INDIANAPOLIS - The NFL future of former Oregon offensive linemen Kyle Long is unknown.
Will he be an NFL Combine winner and rise high in the draft or leave teams to pause wondering what do with him? Is he a guard in the NFL, or at 6-foot-6 with quick feet will he be developed into an offensive tackle? Will he land with college coach Chip Kelly with the Philadelphia Eagles?
For Long, none of that matters. What does is that he turned his life around and made himself an NFL Draft prospect.
Armed with a mid-90s fastball, Long's love out of high school was baseball. He was a 23rd round pick by the Chicago White Sox in 2008, but decided to attend Florida State.
Because of academic problems and a growing chemical dependency, Long washed out at FSU and looked to be another talent-rich athlete that wasted his natural talent. An arrest in 2009 for suspicion of driving under the influence turned Long's life around.
"I fought my way back, and I'm standing here today as somebody who's at the NFL Combine," Long said Thursday. "I'm pretty proud of the things I've done, and I don't plan on stopping making progress anytime soon."
Long referred to his run-in with the law as "the tipping point" for him. He moved to Southern California and started working at a surf shop.
"I didn't fit into any of the clothes in the shop, couldn't ride any of the skateboards, and none of the pretty girls wanted to talk to me," Long said. "Folding shirts was fun for a while, but I knew I needed to be in a football helmet somewhere."
Long landed at Saddleback College, also the home to another offensive line prospect, Menelik Watson, ironically, Florida State. At Saddlebrook, Long started as defensive end in 2010 before moving to the offensive line in 2011. He made the move partially to distinguish himself from Hall of Fame father Howie Long and brother Chris Long, the No. 2 pick of the 2008 draft.
After Saddlebrook, he played a season at Oregon, mostly lining up at guard but seeing some snaps at tackle. If the NCAA would have allowed it, Long said he would have played another year at Oregon.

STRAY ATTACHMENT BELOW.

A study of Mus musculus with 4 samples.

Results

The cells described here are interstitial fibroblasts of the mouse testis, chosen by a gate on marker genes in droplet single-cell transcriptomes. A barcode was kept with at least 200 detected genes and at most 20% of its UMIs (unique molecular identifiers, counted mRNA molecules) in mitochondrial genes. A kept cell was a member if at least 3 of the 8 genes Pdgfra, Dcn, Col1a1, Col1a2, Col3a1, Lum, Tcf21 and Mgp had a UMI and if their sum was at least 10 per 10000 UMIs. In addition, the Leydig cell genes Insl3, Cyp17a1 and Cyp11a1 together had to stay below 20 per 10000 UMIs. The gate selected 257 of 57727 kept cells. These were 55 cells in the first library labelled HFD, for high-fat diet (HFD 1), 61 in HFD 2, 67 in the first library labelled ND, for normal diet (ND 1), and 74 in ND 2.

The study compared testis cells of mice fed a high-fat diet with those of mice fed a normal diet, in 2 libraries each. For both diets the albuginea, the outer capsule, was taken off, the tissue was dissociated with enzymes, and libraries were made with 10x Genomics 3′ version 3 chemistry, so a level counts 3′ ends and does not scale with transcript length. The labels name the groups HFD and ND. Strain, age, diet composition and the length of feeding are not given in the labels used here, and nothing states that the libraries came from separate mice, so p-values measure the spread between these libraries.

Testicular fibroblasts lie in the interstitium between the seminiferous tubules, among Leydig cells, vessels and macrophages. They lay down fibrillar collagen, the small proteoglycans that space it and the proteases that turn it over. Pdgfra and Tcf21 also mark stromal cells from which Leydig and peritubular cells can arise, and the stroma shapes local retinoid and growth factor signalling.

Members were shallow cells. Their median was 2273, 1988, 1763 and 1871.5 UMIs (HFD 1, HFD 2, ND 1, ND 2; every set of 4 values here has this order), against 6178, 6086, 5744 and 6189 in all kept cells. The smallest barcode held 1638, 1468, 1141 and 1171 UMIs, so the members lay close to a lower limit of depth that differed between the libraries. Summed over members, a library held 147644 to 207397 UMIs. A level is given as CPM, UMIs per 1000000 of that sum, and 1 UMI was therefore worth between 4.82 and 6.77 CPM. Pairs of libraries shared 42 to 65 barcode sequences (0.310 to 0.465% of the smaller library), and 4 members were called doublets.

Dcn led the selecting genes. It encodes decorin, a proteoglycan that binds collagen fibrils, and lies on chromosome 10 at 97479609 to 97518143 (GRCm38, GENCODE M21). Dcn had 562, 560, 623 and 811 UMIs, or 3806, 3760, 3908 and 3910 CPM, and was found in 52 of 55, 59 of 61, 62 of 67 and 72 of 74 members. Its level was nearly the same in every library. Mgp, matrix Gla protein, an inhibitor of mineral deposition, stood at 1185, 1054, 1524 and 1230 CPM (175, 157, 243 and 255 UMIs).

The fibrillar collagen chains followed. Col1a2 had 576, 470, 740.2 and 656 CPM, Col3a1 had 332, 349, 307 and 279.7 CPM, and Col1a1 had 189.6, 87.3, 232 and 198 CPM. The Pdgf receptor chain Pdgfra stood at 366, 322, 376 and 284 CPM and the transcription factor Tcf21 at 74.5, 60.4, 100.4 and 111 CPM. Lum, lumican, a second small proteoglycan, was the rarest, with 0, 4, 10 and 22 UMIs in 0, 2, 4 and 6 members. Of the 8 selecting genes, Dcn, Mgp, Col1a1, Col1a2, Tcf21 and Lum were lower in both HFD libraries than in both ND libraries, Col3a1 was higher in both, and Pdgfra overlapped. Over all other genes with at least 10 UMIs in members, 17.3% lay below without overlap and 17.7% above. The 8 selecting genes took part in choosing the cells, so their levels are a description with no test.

Instead, now he's getting the attention plenty of attention from NFL personnel men. A head-turning Senior Bowl performance didn't hurt.
"Obviously he's done very well for himself." Tennessee Titans head coach Mike Munchak said Thursday. "He's put himself in this position very quickly, which means he is a special athlete that you can do things like that. I'm sure he's gonna get a lot of attention, because a lot of teams like us are trying to figure out exactly where he's at in his development as an offensive lineman. I'm sure he'll be worked out quite often in the next six to eight weeks. But definitely he's someone that catches your eye and has done a nice job for himself, and it's a good thing to see."
Long is fully aware that when he interviews with the Titans, which is scheduled for today, and other teams that'll they'll ask about his past. But it's Long mission to keep his potential-packed life on the right path.
"We all face our own personal challenges," he said. "I struggled with some stuff off the field that I feel like not a lot of people have had to deal with. I picked myself up off the ground, really looked myself in the mirror, and made a decision that I would change for the better.
"You don't want to go back to that place, so you run as hard as you can in the opposite direction."